After the back-and-forth journeys between Kelowna and Vancouver, and a ten-day road trip through the American West Coast, I’m in the airport waiting for my flight to Jakarta with a stopover in Taipei. An Indian mother is taking pictures of her son in the animated plastic boat sculpture, Naomi Campbell is testifying at the Hague, and I’m sitting alone, eating a sandwich, somewhat intrigued by the BBC feature on the Charles Taylor trial. The knowledge that I’m off for a year of travel is a bit unsettling, but how else can I go on but to trust that I’m never given more than I can bear? It’s 1:30am.
A note about flying
I love to travel, but I hate to fly. From the anxious preparation and waiting to being cramped in confined spaces with stale air, there isn’t much appeal in the actual flight itself. This is why I generally subscribe to the policy of entering the aircraft at the last moment, so as to not prolong the sardine can misery. This rule of thumb, however, overlooks the passenger variability – namely, that some (young or old) punk has taken your seat and corrupted your 13 hour living space. On the flight to Taipei some arrogant boy with an undeserved sense of entitlement had the gall to try to convince me that an A ticket was an aisle seat. When I persisted to tell him otherwise, he reluctantly left the seat with an exasperated sigh. No better was young punk #2 in the middle seat, who had no concept of space and kept falling asleep on my shoulder, or kicking my legs. So do I then enter the plane when called, so I may establish my authority over my space?
My experience with aeronautical seatmates has, for the most part, been rather negative. Some, at least, have been humorous, like a flight from London to Dubai, where I was sandwiched between two, shall we say, portly women, one of whom drew this fact to my attention and expressed her sympathies for being stuck between “two big ladies.” She was on her way to serve in Afghanistan. Most of the time, however, the grumpy British man, the crying baby and the mother that won’t pay attention to him/her, the Filipino lady with a mountain of shopping bags on her lap, the snoring Chinese man, and the alcoholic American (these are instances from my flying experiences, not stereotypes) aren’t funny. At any rate, it is perhaps too much to ask for amicable seatmates, like expecting to win the lottery.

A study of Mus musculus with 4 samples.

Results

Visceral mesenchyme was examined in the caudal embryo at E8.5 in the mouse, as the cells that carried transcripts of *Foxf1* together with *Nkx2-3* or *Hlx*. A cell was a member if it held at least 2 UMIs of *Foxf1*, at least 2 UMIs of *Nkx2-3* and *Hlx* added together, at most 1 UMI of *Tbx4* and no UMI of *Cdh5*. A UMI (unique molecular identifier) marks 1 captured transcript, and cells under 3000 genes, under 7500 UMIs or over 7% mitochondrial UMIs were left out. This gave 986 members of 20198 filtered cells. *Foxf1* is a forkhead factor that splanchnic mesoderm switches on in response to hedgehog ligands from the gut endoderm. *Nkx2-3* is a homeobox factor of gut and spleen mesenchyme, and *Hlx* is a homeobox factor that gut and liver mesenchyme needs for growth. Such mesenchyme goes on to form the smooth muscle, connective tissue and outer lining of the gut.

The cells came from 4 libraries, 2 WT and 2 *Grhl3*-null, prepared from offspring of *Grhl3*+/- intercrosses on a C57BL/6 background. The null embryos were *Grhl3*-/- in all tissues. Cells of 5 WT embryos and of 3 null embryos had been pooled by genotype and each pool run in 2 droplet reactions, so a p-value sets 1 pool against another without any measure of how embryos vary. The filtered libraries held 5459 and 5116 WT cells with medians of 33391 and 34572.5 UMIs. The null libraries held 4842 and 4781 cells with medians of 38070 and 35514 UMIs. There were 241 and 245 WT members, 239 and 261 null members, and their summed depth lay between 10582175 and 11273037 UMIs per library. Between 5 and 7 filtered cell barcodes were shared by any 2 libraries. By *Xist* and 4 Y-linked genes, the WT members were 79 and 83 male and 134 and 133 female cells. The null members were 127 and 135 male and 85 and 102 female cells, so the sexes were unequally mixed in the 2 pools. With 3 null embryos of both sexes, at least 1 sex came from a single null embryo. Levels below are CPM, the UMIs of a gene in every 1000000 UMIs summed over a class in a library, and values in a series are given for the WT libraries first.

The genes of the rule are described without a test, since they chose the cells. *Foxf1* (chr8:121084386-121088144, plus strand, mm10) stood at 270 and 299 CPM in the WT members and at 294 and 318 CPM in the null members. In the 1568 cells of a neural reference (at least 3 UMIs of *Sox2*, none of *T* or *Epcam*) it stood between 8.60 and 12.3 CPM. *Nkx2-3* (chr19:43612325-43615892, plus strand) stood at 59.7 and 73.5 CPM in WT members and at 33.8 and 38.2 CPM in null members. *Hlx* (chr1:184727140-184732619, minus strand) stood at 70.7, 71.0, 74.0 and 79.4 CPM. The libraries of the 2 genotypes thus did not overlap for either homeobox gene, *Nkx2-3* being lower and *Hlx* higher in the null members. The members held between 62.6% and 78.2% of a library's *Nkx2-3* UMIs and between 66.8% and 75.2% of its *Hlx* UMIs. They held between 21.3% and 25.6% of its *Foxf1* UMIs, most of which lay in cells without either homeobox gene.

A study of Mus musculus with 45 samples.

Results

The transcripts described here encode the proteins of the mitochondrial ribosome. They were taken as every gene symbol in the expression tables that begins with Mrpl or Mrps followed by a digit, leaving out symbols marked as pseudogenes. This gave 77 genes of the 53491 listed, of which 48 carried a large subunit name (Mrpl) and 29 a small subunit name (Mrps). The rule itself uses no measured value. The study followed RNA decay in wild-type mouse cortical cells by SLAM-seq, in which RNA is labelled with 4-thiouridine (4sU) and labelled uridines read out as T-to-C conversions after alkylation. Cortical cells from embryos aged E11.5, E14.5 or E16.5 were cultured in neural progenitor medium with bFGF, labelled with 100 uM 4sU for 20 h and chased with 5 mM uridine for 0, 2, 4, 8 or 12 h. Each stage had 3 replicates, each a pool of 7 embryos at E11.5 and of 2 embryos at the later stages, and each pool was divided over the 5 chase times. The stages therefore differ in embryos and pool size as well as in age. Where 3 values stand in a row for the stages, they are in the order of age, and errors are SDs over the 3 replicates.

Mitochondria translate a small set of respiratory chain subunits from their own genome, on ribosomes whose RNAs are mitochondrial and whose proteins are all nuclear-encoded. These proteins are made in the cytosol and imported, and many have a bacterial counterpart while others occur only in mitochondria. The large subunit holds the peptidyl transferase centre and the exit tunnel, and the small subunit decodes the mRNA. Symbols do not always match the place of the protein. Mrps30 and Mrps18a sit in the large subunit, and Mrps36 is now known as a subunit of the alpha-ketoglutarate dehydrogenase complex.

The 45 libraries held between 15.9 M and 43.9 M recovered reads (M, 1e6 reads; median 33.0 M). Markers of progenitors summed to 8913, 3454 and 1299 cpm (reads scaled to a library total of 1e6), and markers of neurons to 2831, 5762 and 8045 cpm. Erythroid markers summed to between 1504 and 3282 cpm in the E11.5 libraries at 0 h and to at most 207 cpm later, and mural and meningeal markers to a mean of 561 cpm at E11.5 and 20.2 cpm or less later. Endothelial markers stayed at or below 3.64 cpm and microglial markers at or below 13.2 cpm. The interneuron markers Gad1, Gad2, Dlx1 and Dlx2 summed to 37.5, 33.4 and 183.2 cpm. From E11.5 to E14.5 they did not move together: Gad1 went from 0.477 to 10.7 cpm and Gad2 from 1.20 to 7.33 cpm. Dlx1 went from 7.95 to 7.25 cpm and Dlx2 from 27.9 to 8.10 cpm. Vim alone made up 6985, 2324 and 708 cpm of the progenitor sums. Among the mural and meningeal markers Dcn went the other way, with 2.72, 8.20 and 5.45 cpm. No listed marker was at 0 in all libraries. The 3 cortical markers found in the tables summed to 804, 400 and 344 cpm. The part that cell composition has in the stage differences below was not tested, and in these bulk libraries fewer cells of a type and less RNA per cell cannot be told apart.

I’m watching the sun rise from the Taipei Airport. The 4-6am window seems to be the quietest at airports. A baby is trying to interact with me, but I think there is a slight disconnect between us. He gives me his water bottle and I give it back. This happens two or three times before he tires of the exchange process and proceeds to stomp on the metal vents on the floor. Taipei has blue skies; I’m thinking I should enjoy this while I can.
The empty children’s area at the Taipei Airport.
A little girl in a polka dot dress with hello kitty slippers has sat next to me. She’s eating a pineapple tart. I covet it. She just got up from her seat, and left one there! Oh, she’s back. She took her tart. Now it’s all gone.
Everything feels more accurate now that a horde of Taiwanese people have taken over the seating area, with their babies, children, uncles and aunts and all. Also, groups travel in matching comme des garcons t-shirts. Identification? Done.
After a two-hour wait in the static line at customs, I make it out of the airport and meet my parents. It’s unfortunate that corruption greets you immediately at the airport – which, I suppose, is common practice nowadays. The traffic is worse than Bangkok, but we eventually get into the hotel. At night, it takes over an hour to get back after dinner, as taxis refuse to stop by the mall. We take the equivalent of a Tanzanian dala-dala, or a Filipino jeepney, and connect with a taxi further down the way.
Fresh fruit for breakfast.
Today we leave Jakarta for Medan. Our flight is delayed a few hours. I meet my cousin when we arrive before midnight.